UUC History

In 1956, seven families applied to the American Unitarian Association for a charter, seeking a liberal spiritual home. The Fellowship was granted a charter and held early meetings in various halls and churches.

Old Meeting HouseOur first Meeting House (figure to the right) was completed in December 1967, followed by an expansion in the early 80s to accommodate our increase in membership. We soon outgrew this space, and in 1992, moved into a new building up the hill from the old one. We continued attracting new members and again found ourselves lacking needed space, and a large expansion was completed in 2008.

Our beautiful sanctuary hosts concerts (approximately one a month) and gets high praise for both the acoustics — and the view. UUC members have reclaimed and maintain a wild flower garden, EarthSpirit Sisters built a labyrinth, members participate in a community garden, and we now have a Memorial Garden and columbarium. Our approximately five acres has a beautiful path winding through it including benches for meditation and reflection representing each of our seven principles.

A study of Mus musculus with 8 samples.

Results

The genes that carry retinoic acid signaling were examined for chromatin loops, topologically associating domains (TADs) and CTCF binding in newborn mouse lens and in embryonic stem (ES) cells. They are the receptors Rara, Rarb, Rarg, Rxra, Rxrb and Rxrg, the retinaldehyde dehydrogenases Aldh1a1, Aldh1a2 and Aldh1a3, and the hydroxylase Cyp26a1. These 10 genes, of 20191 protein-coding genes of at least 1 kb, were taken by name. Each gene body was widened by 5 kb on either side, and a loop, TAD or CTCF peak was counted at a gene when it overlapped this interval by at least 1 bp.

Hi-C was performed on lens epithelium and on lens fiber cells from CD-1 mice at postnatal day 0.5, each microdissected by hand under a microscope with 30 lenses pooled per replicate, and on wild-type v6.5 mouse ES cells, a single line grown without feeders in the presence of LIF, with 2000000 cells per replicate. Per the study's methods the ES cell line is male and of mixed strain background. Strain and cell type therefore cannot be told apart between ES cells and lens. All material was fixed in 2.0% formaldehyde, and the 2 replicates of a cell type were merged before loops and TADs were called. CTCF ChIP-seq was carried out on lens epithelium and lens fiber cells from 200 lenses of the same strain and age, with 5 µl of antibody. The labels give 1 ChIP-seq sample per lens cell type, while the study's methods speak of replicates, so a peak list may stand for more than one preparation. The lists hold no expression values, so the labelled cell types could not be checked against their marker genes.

We began as the Blacksburg Unitarian Fellowship before changing our name to the Unitarian Universalist Fellowship of the New River Valley following the merger of the Unitarians and Universalists in 1961. In 2003, we voted to recognize that we were no longer a Fellowship but a Congregation, and our name was changed to Unitarian Universalist Congregation. After several years of being lay-led or having part-time ministers, we called our first full-time settled minister in 1999, Rev. H. Christine Brownlie, who served in our pulpit for 12 years. In 2013, we called our current minister, Rev. Dara Olandt. Today we have over 200 members, a thriving Lifespan Faith Development Program (over 100 children in our Religious Education classes), a very active Social Action Program, are a Welcoming Congregation and have been recognized as a Green Sanctuary.